ANOTHER BUM FROM THE NEIGHBORHOOD • by Clint Lowe

Another bum from the neighborhood. Not me, no way. The only peeps for me are the successful, the heroes, heroes in suits, in shades, in shiny new Mercedes, the ones who work hard and never live ordinary but fight, ache, bleed to be the best they can be and if any bum gets in their way it’s like pow they smack them across the jaws and their cheekbones pop and they’re left in a daze saying, “Damn, there goes a man with a plan.”

Today’s record deal was my plan, as long as I wasn’t late. “On time, on time,” the producer told me; anything less and I’d be out on my ass.

So, dressed up, I stepped out into a Brooklyn sunrise, walking beneath the shade of the leafy-green London planes, replying a friendly “Hi” and “Hello” to the passers-by.

I turned the corner and presto. A homeless man. A bum. A bum in my neighborhood. He slouched against a fence, held up a beer. “Time for a drink, buddy?”

Ahh… no.

I kept away from his holey pants, holey jacket.

A pretty brunette strode past carrying a tray of Starbucks lattes. She smiled and tucked her hair behind her ear. I adjusted my tortoiseshell Ray Bans and smiled back but didn’t stop. No time.

I took my Armani jacket off and flung it over my shoulder right as a punk kid sped past on his bicycle and stole it.

“Thief!” I called.

I chased him around a corner and smacked straight into the brunette carrying the lattes. The coffee flew up, and the coffee flew down, and coffee turned my white tee shirt all brown.

“So sorry,” I said to her. “Chasing my jacket. Chasing a dream, too.”

“It’s okay.” She touched my soaked tee shirt, tittered. “You want to grab another coffee?”

She’s still happy to talk to me despite my dirty shirt. Could be the one. “Name’s Ricky,” I said, and slipped her a business card. “Call me, we’ll share a coffee when I got time.”

I kept moving toward the studio. A man strolled toward me with his blonde Labrador and glanced at the coffee on my shirt.

He shook his head with an upturned nose. “Take a wash, pal.”

A little brusque.

I whirled around a corner and hooked my Roberto Cavalli jeans on a green-iron fence. A resounding rip followed as I fell onto a muddy patch on the footpath. My pants were torn right across the thigh, the blue thread flipping in the wind.

I staggered to my feet, my tee shirt coffee stained and my jeans torn and blotted with mud. This look won’t impress. I gazed back toward my apartment. A fresh batch of clothes was only blocks away, but the meeting was starting soon and I thought they’d prefer me looking tousled than being late.

I strode toward the business district, people spreading before me. I’d smile and wave but no smiles or waves were returned.

Hometown’s turning a little cold.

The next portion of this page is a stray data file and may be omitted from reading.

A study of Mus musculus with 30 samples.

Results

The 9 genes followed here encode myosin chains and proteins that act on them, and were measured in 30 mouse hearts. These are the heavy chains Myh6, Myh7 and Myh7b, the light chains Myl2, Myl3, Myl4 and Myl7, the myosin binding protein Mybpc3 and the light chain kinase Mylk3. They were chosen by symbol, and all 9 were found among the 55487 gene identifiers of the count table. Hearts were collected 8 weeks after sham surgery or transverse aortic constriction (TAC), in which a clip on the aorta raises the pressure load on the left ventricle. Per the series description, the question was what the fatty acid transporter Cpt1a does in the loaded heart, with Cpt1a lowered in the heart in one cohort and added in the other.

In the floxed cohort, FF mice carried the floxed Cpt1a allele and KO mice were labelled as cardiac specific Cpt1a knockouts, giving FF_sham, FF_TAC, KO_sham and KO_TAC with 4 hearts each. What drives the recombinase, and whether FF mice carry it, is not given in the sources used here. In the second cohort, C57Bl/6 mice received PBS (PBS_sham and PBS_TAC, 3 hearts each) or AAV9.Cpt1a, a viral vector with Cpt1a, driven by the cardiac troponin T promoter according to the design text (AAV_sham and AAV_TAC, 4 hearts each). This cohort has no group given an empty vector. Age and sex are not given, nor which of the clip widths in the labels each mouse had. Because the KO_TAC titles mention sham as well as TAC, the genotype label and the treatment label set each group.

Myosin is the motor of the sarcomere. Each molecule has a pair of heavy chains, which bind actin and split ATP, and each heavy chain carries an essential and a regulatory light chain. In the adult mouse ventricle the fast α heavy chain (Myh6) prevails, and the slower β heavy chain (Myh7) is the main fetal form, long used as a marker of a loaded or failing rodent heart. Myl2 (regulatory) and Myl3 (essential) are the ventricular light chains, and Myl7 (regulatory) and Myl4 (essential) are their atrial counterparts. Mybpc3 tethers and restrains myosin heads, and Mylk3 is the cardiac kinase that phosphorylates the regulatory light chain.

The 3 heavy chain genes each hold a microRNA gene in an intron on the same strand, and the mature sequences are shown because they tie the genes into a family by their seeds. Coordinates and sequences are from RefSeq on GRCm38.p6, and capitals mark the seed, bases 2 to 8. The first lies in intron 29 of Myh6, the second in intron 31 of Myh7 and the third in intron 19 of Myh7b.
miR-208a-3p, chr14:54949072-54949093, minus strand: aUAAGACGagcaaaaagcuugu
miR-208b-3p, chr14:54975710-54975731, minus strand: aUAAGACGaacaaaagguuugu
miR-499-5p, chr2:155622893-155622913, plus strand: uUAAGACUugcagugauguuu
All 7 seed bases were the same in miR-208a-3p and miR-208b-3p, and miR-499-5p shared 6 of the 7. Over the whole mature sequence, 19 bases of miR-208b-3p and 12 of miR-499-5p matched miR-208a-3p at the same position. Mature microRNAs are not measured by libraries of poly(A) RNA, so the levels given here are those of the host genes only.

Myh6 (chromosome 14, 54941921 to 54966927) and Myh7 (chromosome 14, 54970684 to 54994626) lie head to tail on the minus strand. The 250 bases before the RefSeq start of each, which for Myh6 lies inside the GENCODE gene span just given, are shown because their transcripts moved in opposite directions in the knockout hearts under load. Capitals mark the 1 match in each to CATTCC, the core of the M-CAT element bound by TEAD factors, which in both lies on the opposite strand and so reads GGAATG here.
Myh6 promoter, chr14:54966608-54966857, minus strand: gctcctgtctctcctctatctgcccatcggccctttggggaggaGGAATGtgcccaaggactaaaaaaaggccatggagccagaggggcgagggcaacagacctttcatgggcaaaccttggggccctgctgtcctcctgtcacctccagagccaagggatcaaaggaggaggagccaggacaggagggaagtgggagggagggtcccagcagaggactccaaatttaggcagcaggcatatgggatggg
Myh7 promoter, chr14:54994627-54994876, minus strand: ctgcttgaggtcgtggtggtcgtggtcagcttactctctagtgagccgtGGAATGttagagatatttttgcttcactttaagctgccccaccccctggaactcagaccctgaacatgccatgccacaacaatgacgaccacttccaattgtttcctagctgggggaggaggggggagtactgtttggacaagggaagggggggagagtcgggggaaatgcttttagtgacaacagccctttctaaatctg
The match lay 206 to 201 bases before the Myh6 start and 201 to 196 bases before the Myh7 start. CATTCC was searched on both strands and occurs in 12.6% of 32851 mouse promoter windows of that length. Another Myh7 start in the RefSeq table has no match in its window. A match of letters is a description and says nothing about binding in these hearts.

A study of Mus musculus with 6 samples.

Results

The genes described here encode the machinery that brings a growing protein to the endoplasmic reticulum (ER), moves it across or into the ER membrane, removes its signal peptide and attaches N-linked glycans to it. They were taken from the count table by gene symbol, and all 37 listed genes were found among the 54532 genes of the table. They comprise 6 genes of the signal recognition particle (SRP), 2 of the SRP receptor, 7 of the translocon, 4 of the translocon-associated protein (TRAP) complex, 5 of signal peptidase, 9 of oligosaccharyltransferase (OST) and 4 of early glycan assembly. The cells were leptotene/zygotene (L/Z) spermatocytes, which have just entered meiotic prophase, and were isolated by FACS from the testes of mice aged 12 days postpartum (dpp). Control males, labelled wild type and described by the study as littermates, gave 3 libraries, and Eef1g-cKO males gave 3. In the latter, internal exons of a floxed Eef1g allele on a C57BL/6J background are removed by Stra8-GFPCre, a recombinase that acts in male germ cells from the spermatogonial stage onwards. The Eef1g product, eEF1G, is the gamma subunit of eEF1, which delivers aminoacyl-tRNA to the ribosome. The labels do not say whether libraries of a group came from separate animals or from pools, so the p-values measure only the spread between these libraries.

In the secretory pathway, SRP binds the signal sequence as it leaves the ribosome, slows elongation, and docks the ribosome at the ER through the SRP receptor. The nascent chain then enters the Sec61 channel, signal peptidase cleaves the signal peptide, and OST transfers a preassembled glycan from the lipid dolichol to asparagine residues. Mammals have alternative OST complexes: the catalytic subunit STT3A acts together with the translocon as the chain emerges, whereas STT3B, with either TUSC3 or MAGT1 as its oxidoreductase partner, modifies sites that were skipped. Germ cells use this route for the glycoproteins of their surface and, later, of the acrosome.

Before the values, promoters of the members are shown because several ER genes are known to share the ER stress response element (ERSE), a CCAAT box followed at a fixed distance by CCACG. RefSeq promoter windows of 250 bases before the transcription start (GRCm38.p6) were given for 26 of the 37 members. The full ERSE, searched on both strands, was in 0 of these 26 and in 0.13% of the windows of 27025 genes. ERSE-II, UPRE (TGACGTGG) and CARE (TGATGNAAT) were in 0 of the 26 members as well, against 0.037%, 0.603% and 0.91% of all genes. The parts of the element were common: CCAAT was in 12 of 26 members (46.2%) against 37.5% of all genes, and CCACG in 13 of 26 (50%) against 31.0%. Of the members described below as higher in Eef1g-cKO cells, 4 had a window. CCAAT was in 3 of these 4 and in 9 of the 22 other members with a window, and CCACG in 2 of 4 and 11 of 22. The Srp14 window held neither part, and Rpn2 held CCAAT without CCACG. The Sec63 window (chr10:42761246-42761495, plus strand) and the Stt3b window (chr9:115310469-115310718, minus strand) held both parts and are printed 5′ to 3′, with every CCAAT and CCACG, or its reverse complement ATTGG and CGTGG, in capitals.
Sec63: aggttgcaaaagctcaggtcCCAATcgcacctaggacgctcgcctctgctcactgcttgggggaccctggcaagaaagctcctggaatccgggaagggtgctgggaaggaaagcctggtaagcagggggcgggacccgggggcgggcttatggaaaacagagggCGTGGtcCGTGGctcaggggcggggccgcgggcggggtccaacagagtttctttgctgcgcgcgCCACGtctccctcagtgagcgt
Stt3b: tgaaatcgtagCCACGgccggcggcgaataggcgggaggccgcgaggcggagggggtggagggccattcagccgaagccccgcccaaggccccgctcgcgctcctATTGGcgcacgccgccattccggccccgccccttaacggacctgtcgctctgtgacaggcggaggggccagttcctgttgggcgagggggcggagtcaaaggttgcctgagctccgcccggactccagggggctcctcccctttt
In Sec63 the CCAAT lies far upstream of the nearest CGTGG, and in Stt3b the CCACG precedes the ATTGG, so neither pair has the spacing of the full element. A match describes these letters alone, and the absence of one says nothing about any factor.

A young couple approached, hand in hand, laughing, the girl’s blonde hair swishing over her shoulders. I smiled and said, “Hello,” and she said, “Don’t hit on me, creep!” and her man shoved me hard and my Ray Bans flew to the footpath where they were trod on by a passing man’s boot.

I fell to my knees and gathered the broken frame. My poor Ray Bans.

Bring Bring.

My poor poor shades.

Bring Bring.

“Look out, fool!” a voice hollered and I looked up to a bicycle rattling toward me. I rolled to the curb and landed in a pile of muddy leaves, my left foot slipping down a drainage hole as the young man rode past ringing his bell.

Bring Bring.

At least he’s wearing a nice jacket… wait. “That’s my damned jacket!” I called.

I went to get out of the curb, but my Versace boot snagged in the gutter.

This day’s blooming insane.

Time was disappearing like the hooligan with my jacket. So I gripped my hands around my lower calf, tensed, braced, then heaved at my leg and out slipped my foot.

But I was staring at a white sock, while my boot dropped into drainage.

A dirty sock is not stopping me.

I stamped my white sock right into the pile of muddy leaves, then hobbled along the blocks and finally stood in front of Style Studios four minutes early.

You made it, Ricky, now go sign your deal.

I strode into the studio smiling; they booted me out, yelling, “You look like another bum from the neighborhood!”

I glanced in the big studio windows and saw my coffee-stained white tee shirt, torn and muddy Roberto Cavallis, one black boot and one former white sock stained into muddy brown. A homeless man leaned against the windows looking just like me, muddy pants, muddy jacket.

My hometown turned crueler as my clothes grew dirtier.

The homeless man held up a bottle of beer. “Drink, pal?”

I sat beside him, rubbing dirty shoulders. “I don’t touch alcohol, but I’ll sit a while.”

The brunette with the lattes turned the corner, heading into the studio with another tray of coffees. We caught eyes, smiled, and I said, “You still got time for that coffee?”


Clint Lowe is a writer from Melbourne, Australia. Published in EDF and Andomeda Spaceways. Subscribe to his writing YouTube Channel, Write Heroes.